Poetry

Self-Examination

You never know what you’ll find when you look inside.

Pull out your innards,

find the glow left behind by faulty wires

and burnt out circuit boards

replaced so many times you can no longer remember

what the original was like.

There may be a spark. A glint.

A cog

needing only slight encouragement

to fit back into the mechanism

and start time again.

 


The Thirsty Traveller

Once, I heard the trickle of a long forgotten stream

As I strolled along taking in the syrup of the noonday sun’s gleam.

My throat was dry, and so I stopped

To take a sip with cupped hands,

Realising too late that I’d been caught in black quicksand.

 

What fool was I

To have ventured without a careful glance?

Had I thought I was fair of fortune enough

To gamble with chance?

 

Some might now expect me to say I was saved

But sadly I must inform you that for me, a different end was paved.

Though my body soon disappeared underground

I now hover above the water

Guarding forever against any fools willing to clown around.

Poetry

Silken

A strand shines white,

a glimmer on the darkened street.

The moonlight has touched it,

but its fellows remain that rich brown

hanging down to your shoulders.

Each one a piece of your thoughts,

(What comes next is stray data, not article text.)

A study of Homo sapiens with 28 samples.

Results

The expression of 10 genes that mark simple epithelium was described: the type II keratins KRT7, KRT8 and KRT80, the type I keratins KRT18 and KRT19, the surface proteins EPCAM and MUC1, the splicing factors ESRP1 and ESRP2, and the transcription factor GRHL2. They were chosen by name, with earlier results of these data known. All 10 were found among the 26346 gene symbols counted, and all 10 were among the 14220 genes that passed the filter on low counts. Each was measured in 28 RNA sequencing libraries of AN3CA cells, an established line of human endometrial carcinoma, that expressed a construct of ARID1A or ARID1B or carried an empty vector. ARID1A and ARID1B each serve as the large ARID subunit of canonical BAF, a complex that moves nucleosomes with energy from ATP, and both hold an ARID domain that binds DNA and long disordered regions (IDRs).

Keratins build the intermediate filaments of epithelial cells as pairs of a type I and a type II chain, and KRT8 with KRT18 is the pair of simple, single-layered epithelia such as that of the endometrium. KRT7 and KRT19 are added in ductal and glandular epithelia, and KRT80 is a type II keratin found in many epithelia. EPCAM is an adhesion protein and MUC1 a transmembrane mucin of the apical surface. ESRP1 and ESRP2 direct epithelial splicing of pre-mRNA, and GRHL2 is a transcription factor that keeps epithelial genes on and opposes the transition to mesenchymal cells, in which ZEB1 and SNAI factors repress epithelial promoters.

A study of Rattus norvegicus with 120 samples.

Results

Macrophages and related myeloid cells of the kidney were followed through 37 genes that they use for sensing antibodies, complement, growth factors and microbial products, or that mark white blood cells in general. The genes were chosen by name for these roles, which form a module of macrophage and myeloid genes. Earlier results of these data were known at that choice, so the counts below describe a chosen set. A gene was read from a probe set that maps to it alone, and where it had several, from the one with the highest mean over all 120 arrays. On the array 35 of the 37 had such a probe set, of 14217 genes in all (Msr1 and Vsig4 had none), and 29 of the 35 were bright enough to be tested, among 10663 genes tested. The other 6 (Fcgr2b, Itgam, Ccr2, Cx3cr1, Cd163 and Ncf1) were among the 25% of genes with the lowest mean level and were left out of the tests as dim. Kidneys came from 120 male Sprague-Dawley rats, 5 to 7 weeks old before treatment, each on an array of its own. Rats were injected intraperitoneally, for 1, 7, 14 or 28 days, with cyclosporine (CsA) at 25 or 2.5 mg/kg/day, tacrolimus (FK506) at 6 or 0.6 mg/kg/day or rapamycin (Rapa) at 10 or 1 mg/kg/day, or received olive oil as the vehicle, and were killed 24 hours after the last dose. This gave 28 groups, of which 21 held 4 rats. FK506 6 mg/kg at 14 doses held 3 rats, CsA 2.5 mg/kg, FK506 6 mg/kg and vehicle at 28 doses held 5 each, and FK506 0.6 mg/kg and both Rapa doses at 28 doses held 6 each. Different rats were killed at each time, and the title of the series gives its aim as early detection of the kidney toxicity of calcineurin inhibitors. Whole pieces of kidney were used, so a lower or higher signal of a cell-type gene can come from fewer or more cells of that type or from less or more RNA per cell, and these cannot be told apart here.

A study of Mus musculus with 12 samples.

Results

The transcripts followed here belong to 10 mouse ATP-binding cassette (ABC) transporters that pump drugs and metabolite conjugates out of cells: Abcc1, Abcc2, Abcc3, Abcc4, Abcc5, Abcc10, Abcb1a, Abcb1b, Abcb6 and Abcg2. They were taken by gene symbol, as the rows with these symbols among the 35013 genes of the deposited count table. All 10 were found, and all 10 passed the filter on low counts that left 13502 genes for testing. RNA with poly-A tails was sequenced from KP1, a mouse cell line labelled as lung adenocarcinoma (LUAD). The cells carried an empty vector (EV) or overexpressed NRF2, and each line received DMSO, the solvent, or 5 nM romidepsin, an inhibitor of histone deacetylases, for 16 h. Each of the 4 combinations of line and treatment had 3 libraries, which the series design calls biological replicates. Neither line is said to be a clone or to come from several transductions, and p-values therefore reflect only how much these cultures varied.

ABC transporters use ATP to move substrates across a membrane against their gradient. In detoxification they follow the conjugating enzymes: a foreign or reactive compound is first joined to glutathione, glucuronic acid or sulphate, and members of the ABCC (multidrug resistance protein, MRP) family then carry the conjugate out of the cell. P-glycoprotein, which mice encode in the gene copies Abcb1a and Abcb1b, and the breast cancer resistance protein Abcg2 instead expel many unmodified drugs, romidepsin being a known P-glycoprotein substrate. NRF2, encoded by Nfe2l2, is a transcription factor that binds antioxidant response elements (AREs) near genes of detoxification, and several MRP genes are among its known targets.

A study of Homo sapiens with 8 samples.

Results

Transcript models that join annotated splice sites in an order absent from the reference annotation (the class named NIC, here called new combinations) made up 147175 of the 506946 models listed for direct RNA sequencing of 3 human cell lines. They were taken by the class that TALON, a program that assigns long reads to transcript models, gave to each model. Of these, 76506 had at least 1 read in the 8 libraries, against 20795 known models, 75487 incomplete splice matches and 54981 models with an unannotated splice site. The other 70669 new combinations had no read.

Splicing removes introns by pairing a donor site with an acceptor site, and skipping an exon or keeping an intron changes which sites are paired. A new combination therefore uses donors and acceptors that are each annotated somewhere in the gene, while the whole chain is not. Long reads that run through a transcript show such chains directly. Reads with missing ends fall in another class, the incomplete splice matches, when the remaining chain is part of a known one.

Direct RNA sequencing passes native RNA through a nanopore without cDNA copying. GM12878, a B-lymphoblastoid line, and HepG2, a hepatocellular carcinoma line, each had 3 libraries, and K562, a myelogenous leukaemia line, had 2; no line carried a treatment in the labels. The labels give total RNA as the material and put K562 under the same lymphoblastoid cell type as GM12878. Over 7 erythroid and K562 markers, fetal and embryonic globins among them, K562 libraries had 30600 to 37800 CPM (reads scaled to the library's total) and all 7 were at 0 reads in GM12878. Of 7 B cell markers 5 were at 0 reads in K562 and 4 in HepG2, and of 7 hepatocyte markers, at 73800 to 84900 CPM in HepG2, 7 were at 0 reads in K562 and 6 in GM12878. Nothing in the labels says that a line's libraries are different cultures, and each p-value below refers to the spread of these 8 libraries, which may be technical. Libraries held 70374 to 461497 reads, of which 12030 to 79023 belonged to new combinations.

a ribbon tied fast to the building blocks

that make you.

Old strands gift their being to others,

and then leave.

Fresh beginnings grow in their stead.

Poetry

Writer’s pursuit

Where do writers get their ideas from?

All the world wants to know!

Do they sneak off to times gone

while we’re sleeping

and watch the goings on as a show?

 

Do they skip back and forth,

bartering in many different tongues?

Do they bundle old tales and morph them

into diverse, interlocking shapes

and hope the originals won’t see them hung?

 

Perhaps they come in dreams

drifting down rivers and across channels.

Do they filter onto pages in reams,

spider-fast ink overtaking the pores,

to at last become a slab of legible panels?

Poetry

Round about

The time we spend breaking things down,

Analysing until there’s nothing left to be found.

What’s it all for? What does it mean?

Simply a way to keep the slate wiped clean?

Or is it an impulse to tear each precious thing away,

To keep telling ourselves there’s no possible way?

I think, no matter the reason given,

We should look to the future for all that is hidden

And embrace the changes as they appear

Even when your limit is near

Because beyond that, a gem will shine:

A warm heart waiting for you this whole time.